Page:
Everybody Likes a Tip

18 Jan , 2016

TipsI'm not sure how I want to introduce this topic, except to point out that everybody likes a tip; even if it’s a tip on how to save money, a tip on how to get more from your income tax returns, a tip on how to preserve meat, a tip on how to raise better children, a tip on how to save on tuition, or a tip on how to cut the time it takes to mow the lawn.

Everybody likes a tip.

But it seems that when we go to a hotel or restaurant, we decide whether or not we're going to tip the waitress or waiter based on how well a job they do. No one gives an introduction in a blog saying, “Before you read this, make sure you are deserving of the tip that I have provided for saving money, or cutting costs, or saving time. It's your tip if you're willing to read it. We need to employ that same mindset when we’re talking about monetary tips. 

Despite the performance of the waiter or waitress or other service oriented employee, it's important that we tip. Once we buy the ticket for a stage play, we don't weigh our options for requiring the actors to give us our money back once they take their last bows. It’s theirs. The same applies to tipping, and here’s why.

Tipping is how they (waiters, waitresses, bell hops, etc.) live. It shouldn't be a matter of whether or not you tip; the only factor that should be considered is how much you will tip. Consider the amount as your only option, but always tip.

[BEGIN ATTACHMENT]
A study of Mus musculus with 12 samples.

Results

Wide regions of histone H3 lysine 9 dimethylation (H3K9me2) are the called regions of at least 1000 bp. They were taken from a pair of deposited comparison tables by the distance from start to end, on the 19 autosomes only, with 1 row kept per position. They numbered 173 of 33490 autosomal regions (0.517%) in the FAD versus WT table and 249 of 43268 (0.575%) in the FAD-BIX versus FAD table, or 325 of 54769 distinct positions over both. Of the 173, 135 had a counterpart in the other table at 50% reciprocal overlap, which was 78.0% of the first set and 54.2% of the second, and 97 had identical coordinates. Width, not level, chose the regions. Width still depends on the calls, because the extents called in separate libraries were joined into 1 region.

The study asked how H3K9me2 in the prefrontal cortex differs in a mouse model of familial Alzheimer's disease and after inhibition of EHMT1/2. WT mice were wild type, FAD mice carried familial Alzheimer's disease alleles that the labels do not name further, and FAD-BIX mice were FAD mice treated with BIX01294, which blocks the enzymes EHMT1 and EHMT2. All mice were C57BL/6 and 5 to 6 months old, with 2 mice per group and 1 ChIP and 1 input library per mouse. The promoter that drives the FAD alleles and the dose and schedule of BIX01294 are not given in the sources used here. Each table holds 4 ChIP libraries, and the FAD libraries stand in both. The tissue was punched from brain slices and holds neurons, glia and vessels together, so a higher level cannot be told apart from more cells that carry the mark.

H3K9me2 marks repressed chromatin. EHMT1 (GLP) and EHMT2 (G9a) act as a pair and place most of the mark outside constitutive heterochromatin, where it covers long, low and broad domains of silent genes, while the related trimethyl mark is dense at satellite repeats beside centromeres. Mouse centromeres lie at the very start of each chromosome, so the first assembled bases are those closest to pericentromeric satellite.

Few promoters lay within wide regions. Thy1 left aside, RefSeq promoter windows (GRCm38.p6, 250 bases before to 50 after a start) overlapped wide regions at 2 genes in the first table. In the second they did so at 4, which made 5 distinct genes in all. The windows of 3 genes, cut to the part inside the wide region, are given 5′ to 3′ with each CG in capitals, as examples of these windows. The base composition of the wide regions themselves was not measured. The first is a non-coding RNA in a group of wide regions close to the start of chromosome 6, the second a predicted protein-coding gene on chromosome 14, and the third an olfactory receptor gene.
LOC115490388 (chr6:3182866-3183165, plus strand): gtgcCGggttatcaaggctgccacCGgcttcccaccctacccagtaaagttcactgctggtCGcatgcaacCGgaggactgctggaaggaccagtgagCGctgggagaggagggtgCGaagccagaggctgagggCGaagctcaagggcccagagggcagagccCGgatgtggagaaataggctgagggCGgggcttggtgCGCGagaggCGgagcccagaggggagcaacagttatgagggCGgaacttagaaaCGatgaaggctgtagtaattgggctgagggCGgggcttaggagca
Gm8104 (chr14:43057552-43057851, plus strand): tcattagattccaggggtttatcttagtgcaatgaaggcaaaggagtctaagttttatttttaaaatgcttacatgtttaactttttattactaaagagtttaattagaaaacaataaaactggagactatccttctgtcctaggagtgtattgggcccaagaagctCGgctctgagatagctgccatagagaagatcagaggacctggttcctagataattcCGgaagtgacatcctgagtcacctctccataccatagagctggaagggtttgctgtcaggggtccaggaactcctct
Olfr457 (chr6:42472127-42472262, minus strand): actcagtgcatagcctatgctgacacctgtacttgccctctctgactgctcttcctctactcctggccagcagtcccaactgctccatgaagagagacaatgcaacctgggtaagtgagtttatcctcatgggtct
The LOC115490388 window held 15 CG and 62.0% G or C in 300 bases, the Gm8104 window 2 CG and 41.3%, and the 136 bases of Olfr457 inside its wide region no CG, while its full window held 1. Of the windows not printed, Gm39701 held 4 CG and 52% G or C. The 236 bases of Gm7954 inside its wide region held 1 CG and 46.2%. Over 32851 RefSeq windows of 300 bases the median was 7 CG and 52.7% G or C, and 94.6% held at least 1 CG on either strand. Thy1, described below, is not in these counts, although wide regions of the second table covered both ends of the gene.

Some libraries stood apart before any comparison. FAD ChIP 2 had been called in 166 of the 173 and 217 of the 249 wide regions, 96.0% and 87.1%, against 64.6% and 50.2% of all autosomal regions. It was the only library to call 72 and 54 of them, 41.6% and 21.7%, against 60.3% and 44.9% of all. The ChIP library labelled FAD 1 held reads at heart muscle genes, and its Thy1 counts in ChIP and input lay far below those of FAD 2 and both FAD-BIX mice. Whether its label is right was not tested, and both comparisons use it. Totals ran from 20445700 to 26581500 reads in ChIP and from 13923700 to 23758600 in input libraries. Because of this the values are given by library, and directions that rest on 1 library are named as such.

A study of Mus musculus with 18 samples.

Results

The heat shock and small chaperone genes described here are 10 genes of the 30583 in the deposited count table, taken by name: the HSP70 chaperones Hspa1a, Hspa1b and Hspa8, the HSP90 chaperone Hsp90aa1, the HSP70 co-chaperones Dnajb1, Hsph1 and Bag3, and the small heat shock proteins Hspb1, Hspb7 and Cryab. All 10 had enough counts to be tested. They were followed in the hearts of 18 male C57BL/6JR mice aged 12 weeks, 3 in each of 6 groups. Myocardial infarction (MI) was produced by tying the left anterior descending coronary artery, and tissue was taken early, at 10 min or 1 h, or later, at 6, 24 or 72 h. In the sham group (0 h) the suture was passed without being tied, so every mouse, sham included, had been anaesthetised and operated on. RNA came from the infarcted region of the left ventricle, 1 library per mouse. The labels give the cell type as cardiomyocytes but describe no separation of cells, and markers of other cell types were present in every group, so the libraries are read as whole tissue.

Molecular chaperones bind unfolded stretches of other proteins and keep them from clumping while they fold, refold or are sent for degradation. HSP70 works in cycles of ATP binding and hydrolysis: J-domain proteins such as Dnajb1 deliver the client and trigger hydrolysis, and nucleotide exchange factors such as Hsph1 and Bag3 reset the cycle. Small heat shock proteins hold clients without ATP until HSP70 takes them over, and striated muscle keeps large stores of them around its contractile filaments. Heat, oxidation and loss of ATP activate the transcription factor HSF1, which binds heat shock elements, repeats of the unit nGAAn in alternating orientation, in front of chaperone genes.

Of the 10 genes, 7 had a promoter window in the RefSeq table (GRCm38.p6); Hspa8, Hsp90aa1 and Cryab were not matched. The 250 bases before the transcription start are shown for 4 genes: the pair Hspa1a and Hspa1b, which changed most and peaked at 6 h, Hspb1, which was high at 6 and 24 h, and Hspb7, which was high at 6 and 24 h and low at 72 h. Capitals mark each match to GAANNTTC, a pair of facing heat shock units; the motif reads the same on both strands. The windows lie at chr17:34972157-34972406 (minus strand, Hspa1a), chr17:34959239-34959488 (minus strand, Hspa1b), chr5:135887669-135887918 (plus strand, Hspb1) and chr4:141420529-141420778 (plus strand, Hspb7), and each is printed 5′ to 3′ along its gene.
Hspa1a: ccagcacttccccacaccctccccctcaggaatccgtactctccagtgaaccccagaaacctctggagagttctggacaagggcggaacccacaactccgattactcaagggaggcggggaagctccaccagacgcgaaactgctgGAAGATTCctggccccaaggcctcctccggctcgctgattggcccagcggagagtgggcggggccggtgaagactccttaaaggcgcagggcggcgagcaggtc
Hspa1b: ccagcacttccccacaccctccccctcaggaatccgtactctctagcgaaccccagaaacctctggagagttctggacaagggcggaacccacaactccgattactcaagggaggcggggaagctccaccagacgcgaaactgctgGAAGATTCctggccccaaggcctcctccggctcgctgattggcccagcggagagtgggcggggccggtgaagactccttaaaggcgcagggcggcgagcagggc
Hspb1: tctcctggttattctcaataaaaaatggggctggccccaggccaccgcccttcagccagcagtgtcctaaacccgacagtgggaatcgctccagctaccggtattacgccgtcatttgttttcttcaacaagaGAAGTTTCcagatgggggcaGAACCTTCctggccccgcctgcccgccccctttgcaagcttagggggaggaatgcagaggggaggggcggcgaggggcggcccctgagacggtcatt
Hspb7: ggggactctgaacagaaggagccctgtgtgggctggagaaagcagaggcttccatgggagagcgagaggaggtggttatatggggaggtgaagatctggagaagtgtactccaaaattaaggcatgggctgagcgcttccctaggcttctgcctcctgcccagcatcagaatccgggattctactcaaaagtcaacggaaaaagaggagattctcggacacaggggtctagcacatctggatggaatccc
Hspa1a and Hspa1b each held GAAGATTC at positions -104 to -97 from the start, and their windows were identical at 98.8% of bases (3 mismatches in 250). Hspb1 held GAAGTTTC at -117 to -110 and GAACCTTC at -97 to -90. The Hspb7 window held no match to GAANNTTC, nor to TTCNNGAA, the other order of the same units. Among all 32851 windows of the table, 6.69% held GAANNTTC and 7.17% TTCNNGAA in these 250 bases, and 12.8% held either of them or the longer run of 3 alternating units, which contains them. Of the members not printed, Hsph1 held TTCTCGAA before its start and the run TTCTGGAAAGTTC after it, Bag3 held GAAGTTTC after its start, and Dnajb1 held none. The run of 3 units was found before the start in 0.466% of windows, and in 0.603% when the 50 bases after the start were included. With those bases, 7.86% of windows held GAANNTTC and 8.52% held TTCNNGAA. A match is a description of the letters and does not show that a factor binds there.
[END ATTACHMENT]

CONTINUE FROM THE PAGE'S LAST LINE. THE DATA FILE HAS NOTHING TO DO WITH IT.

You never know what that person might be going through, and sometimes it's very hard to lay aside the threat of eviction, or a dying parent, or a child who is failing in school and put on a happy face for a customer who is already against this idea of tipping. You have a role to play in every interaction you have with another human being. Keep that in mind when you are seated in a restaurant. That waitress or waiter has no idea what they are in for when they are assigned to your table. You have no idea what they just endured with the person who sat at that table just before your arrival.

And here's another tip: when you go to hotels, the bellmen and the parking attendants or valet also rely on tips, The bell staff at that ritzy hotel approaches your vehicle unaware of the entire picnic-table-full of snacks and drinks you brought along to save a little money during your va-ca. The three trips to your room equate to two other “check-ins” that might have “tipped better” than you. So when the bellman takes your 12 bags up to the 20th floor, don't pretend you don't have extra cash to tip him. 

Know that all people relying on tips also receive a very low salary, but they (try to) always do their jobs with a smile no matter how exhausting or how badly their feet and backs hurt at the end of their shifts. Your tips go a long way to pay bills and feed families. Remember that.